TVA nears completion of lab

With Norris renovation, staff at complex will double in 2022

Norris Mayor Chris Mitchell, left, and City Manager Scott Hackler, second from left, ac- cept a check for the city during the recent City Council meeting from the Tennessee Val- ley Authority for $75,000 for wear and tear on city streets during TVA’s recent renovation of its Norris Engineering Laboratory. Presenting the check is TVA Senior Vice President Bob Deacy, as TVA representative Bert Robinson, right, looks on. (photo:G. Chambers Williams III )
Renovation and expansion of the historic Norris TVA Engineering Laboratory is nearly complete, and the Tennessee Valley Authority says it will more than double the staff at the facility beginning early next year.

“The project is about 95% complete, TVA spokesman Scott Fiedler said Monday. “We’re down to finishing ceilings and flooring in one of the buildings, and going through a punch list to make sure everything is correct and up to spec.

“We currently have about 40 employees on site, but that will expand to 80 to 100 when the project is complete this winter, in the January time frame.”

The renovation and expansion at the Norris facility has been underway for more than two years, and is part of the giant federal utility’s “regional consolidation in Knoxville,” Fiedler said.

“This will help reduce our footprint in the Knoxville area by about 60% of building space, and we’re moving people around,” he said. “Norris will more than double its workforce.”

Positions at the Norris facility include those for engineers, TVA police, the natural-resources/fisheries biologists team, and more, Fiedler said.

“This makes us more efficient and helps reduces costs, and that money is reinvested in the system to help keep [electric power] rates low,” he said.

TVA Senior Vice President Bob Deacy last week presented a $75,000 check to Norris city officials to help cover wear and tear on city streets as the agency moved dirt out of the area during the reconstruction and renovation project.

“We want to thank everyone for their patience as we have been renovating,” Fiedler said. “We just want to be an asset to the community.”

In conjunction with the lab’s expansion, workers built sheds to house up to 50 TVA boats, and to create workshops for repair and maintenance of the boats. The agency uses the boats for work throughout its system of rivers and lakes in East Tennessee, said Dennis Yankee, senior manager of engineering and field services at the Norris lab.

To accommodate construction of the boat sheds and workshops, TVA had to remove part of a hillside. It used dump trucks to haul away up to 20,000 cubic yards of dirt to three area landfills, Yankee said.

“There’s a lot of dirt being moved,” Yankee said early last year as the project was in full swing. “It’s about 1,500 truckloads. … The hill behind the lab, where we’re building the boat sheds, had to be lowered by about 10 feet.”

The trucks hauling out the dirt took it to the Waste Management Chestnut Ridge Landfill, Meridian Waste Riverside C&D Landfill and the Meridian Waste Poplar View Landfill, he said.

TVA is relocating some of its engineers and other workers from downtown Knoxville to the Norris lab as part of the agency’s strategic real estate reorganization.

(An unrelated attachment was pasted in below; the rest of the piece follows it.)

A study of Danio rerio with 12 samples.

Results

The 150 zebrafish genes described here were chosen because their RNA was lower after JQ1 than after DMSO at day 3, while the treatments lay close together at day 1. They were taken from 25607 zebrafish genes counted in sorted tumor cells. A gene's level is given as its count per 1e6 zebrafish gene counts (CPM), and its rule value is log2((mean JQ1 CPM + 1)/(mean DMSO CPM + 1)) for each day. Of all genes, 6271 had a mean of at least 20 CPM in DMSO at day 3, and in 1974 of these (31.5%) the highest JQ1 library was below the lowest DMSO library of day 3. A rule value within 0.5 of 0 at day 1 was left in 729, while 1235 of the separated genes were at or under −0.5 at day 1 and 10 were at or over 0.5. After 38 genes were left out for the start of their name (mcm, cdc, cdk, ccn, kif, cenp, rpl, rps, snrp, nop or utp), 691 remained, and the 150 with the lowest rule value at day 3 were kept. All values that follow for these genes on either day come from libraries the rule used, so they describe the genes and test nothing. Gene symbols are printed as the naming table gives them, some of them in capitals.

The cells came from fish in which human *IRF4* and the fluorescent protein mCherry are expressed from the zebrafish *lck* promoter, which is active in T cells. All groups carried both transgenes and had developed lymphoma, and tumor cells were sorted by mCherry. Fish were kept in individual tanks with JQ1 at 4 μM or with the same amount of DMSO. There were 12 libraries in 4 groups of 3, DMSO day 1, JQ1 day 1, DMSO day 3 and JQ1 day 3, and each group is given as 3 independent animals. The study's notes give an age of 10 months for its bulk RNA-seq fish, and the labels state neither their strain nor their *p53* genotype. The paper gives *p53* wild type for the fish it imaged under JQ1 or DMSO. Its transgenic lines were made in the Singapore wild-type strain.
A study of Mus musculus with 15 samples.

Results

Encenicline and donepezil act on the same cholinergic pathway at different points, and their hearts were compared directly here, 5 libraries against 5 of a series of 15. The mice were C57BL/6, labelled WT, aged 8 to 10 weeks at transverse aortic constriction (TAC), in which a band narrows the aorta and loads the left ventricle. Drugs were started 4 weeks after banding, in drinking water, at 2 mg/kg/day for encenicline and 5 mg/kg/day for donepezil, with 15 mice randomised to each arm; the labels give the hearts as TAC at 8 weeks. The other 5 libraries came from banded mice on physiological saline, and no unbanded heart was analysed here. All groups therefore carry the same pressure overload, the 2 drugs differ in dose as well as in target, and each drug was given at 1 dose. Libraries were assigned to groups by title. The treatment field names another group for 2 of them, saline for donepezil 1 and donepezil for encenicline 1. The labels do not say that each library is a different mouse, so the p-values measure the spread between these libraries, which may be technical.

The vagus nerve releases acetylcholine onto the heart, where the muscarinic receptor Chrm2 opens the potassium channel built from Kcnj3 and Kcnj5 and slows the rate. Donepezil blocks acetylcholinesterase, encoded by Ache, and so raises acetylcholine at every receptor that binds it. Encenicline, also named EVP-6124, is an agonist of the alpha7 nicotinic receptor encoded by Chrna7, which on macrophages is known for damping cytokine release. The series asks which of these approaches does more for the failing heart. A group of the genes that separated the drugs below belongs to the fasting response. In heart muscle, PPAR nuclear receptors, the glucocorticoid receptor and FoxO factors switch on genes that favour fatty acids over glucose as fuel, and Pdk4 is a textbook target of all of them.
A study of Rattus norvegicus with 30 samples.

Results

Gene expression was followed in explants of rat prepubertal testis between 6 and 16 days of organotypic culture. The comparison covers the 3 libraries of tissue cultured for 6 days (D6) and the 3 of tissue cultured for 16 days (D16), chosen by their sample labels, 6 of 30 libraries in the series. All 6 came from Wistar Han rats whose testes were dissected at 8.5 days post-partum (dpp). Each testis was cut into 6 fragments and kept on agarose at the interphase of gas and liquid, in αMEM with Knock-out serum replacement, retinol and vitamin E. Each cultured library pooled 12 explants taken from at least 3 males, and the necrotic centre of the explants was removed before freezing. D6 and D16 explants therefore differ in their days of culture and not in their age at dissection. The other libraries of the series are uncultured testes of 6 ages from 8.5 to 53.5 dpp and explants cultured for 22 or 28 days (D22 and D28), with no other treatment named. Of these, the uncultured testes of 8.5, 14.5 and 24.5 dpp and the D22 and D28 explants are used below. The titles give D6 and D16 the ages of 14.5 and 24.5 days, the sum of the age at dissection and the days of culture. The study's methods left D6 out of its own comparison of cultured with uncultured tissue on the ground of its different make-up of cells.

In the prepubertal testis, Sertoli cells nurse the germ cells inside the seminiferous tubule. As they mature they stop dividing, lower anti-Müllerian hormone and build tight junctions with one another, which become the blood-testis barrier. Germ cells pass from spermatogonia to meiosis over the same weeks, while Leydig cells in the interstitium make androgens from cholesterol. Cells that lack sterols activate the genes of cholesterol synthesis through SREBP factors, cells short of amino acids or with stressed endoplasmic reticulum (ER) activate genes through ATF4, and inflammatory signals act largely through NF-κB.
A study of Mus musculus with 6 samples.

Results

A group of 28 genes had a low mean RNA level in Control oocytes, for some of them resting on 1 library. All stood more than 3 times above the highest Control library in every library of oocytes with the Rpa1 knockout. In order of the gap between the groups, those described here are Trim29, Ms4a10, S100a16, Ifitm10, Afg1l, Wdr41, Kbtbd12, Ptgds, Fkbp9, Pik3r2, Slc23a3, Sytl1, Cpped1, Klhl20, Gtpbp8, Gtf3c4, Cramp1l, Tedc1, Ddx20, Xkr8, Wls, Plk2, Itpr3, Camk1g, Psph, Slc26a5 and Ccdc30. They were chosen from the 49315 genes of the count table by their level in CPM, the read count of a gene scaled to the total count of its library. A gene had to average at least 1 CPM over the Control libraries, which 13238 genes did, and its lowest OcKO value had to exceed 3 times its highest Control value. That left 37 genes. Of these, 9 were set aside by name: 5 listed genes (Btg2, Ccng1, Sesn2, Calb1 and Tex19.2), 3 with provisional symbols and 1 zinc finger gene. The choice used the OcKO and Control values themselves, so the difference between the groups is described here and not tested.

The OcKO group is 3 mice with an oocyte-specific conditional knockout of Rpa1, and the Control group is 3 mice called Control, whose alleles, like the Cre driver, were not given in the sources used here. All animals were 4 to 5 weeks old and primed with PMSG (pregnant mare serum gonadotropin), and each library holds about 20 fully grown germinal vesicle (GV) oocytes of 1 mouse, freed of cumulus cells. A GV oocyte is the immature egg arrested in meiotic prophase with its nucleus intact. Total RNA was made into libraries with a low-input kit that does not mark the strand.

“We will eventually have somewhere less than 100 folks,” he said, with some TVA business functions moving there from other field locations in East Tennessee.

“I’ve got about 20 people in downtown Knoxville at the Summer Place building who will be coming out and joining our group already there [in Norris],” Yankee said. “It will make us a stronger organization. We will have fisheries biologists and environmental staff from Walnut Orchard and from downtown Knoxville.”

All of them will share equipment and boats at the Norris site and “not have redundant equipment,” he said. “There will be cost savings.”

As for renovation of the laboratory buildings, which date to the construction of the dam in the mid-1930s, “Those buildings have changed hands from TVA to the Bureau of Mines and back to TVA,” Yankee said. “They are dated.

“As part of TVA’s strategic real estate effort, we are looking at these buildings, and the effort now is to pick out core facilities, and improve the quality of the ones we keep,” he said.

Cindy Light, TVA’s Norris project manager for Strategic Real Estate, said in early 2020 that the renovations began with the largest structure, Building B, and include buildings A and C.

“Building C was shut down for years,” she said. “We decided to renovate it for the people from Summer Place who are moving in here. We cleaned it out and removed all of the asbestos.”

To help prevent damage from the heavy trucks to Norris utility lines under the roads, TVA installed thick, heavy steel plates over them in two places.

“We worked with the city to minimize impact [from the trucks] and to avoid water-line breaks,” Yankee said.

Norris would be compensated an unspecified amount for wear and tear on city streets from the trucks hauling the dirt, TVA ombudsman Wilson Taylor told the Norris City Council during its February 2020 meeting.

It was from that pledge that the city received the $75,000 check last week.

Mayor Chris Mitchell said the money will be used to match grants.